Busy tourist season in Clare but ‘labour crisis’ is biting

Clare hospitality industry reaps staycation dividend as Irish tourists spend more money, writes Owen Ryan

WITH schools back and the evenings shortening, the peak 2021 tourist season has ended in Clare.

While international visitors were absent again, the fact Irish people couldn’t easily travel meant that west and north Clare got a large number of ‘staycationers’ which allowed local businesses to enjoy a very busy summer.

Kilkee-based county councillor Cillian Murphy said that the area has been very busy since reopening from lockdown.

“It has been unusual in that there was a short run-in, then craziness and a short run out. In a normal year you’d start in April, it’d get busier incrementally, and then you have the mad summer before winding down in September and October.

“This year there was no run in, the doors opened on July 26 and it was championship football! I know from being in business myself and talking to a lot of my friends still in business, that they found it the hardest thing to cope with. Normally you get a bit of a run-in, you pick up your match fitness as you’re going along!”

He said that the weather in late August had given an unexpected late boost, but finding staff had been a major challenge for many businesses.

“The real cream was the final week of August, with the good weather. It’s a week that traditionally is quiet, schools are opening, books have to be got, uniforms bought, but the fact that the weather was so good meant they were flat out.

“I think it came to a very sharp finish and a lot of that is down to lack of staff. You have got your core staff, but your casual seasonal staff are all back to college or school.”
Councillor Murphy said a number of businesses are now closed, which would normally continue in September, but would often be carried by international visitors who are not coming this year.

However, in general he said it had been a good season. “Everybody was flat out and it would have been extremely busy. Most people really took advantage of the outdoor and the weather played ball generally.”

Ballyvaughan hotelier David Quinn said that it has been far more difficult to get staff, which has presented huge challenges.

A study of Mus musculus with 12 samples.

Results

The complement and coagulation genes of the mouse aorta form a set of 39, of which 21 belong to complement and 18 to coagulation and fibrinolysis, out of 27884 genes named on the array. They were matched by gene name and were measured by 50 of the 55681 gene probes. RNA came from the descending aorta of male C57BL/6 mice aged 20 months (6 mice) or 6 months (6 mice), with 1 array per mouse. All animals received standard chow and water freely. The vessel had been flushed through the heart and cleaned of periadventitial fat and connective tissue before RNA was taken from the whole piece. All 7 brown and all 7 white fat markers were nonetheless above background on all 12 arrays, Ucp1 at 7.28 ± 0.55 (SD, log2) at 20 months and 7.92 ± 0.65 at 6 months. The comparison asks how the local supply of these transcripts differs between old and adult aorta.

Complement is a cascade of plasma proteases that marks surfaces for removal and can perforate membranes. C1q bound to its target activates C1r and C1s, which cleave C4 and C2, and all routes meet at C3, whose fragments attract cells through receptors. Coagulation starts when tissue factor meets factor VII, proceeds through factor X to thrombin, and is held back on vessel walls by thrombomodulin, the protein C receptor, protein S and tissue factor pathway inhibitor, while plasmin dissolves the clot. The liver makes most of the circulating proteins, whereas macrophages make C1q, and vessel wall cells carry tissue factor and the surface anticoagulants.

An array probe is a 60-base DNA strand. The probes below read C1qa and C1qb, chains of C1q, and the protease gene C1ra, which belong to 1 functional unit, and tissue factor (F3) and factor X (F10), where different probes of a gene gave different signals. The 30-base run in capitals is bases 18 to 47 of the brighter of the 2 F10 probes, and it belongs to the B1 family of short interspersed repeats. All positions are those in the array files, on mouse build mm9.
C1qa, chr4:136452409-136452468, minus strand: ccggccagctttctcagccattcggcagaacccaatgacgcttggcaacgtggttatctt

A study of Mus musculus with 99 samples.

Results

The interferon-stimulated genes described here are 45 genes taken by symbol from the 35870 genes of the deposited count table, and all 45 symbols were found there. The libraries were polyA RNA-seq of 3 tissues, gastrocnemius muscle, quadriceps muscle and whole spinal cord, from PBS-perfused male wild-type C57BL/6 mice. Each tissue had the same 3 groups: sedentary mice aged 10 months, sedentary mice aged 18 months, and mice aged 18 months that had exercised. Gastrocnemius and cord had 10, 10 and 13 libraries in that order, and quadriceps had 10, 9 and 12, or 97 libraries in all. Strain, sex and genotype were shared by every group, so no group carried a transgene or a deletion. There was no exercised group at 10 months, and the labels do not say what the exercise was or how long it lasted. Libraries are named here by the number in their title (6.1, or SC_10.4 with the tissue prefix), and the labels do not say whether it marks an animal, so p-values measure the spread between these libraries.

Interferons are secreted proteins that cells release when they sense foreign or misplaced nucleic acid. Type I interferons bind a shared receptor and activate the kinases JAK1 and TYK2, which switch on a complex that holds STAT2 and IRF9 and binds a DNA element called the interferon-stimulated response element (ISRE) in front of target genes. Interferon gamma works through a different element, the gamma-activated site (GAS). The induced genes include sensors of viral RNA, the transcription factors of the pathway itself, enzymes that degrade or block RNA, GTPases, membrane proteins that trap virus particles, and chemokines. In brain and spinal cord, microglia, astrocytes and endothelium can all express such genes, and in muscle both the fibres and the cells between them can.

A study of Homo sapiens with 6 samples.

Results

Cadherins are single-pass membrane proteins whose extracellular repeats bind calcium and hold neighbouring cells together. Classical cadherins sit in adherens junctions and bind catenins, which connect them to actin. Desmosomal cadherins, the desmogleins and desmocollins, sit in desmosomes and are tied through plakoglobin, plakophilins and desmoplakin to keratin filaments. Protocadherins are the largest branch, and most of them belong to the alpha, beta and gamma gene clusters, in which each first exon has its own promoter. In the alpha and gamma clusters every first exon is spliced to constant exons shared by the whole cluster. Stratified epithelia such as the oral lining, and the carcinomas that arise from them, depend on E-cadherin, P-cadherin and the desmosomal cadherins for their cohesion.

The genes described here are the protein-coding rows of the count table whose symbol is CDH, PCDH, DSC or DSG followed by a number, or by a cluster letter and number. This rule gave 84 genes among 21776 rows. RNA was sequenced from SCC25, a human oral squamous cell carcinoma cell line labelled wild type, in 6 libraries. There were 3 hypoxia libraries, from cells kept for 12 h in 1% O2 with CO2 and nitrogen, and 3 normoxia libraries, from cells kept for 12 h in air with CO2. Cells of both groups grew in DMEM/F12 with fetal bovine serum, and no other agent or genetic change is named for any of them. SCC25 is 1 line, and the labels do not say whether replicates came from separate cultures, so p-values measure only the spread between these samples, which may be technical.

“It was the cruellest, cruellest start to a season we’ve ever had. We’re kind of geared to July and I never thought the labour crisis – it is a crisis – would be as bad as it was.

“The only saving grace is that we were able to get people from Eastern Europe who had previously worked in the UK and found it more difficult to go back there because of Brexit, visa requirements and all that.”

He said that Irish visitors are generally the best ones to get. “The Irish are the best spenders by far. A hotel full of Irish people is good, they’re not booking at operator rates, they book at best available rates and they spend more.”

All in all it was a good summer, even if it was challenging.

“There’s no doubt about it, no doubt about it. But it could be a lot better. We’re not unique, every business in Ballyvaughan has had to curtail their offering to some extent and that’s because of labour shortages.

“It even goes down to our suppliers, our supplier of linen is not able to supply us. I had to take two trips down to Cork to collect.. They have a shortage of drivers, a shortage of people to work in the factory and basically peripheral areas like ourselves have been cut off the route.

“We’ve got other smaller operators to tide us over, but even for them, they’re not able to deal with our volume. If you talk to anyone in this industry, it goes right throughout the supply chain.”

He feels the €350 pandemic unemployment payment reduced the incentive to work for many people, especially younger people, while some people temporarily laid off left hospitality entirely, taking up new jobs with more benevolent hours.

In general he feels the last 18 months have heralded a change in employment, across various sectors.

“The pandemic has only sped up what was coming down the tracks anyway, a change of work practices across every industry was coming down the line anyway, it’s only being sped up, hospitality isn’t unique in that regard.

“The likes of a four-day week will become a reality for us, in fact that’s what we will be implementing. It won’t be four days 12 months of the year, it’ll be five longer days for six months of the year and three longer days for the other six months. You just have to get smarter about it basically.”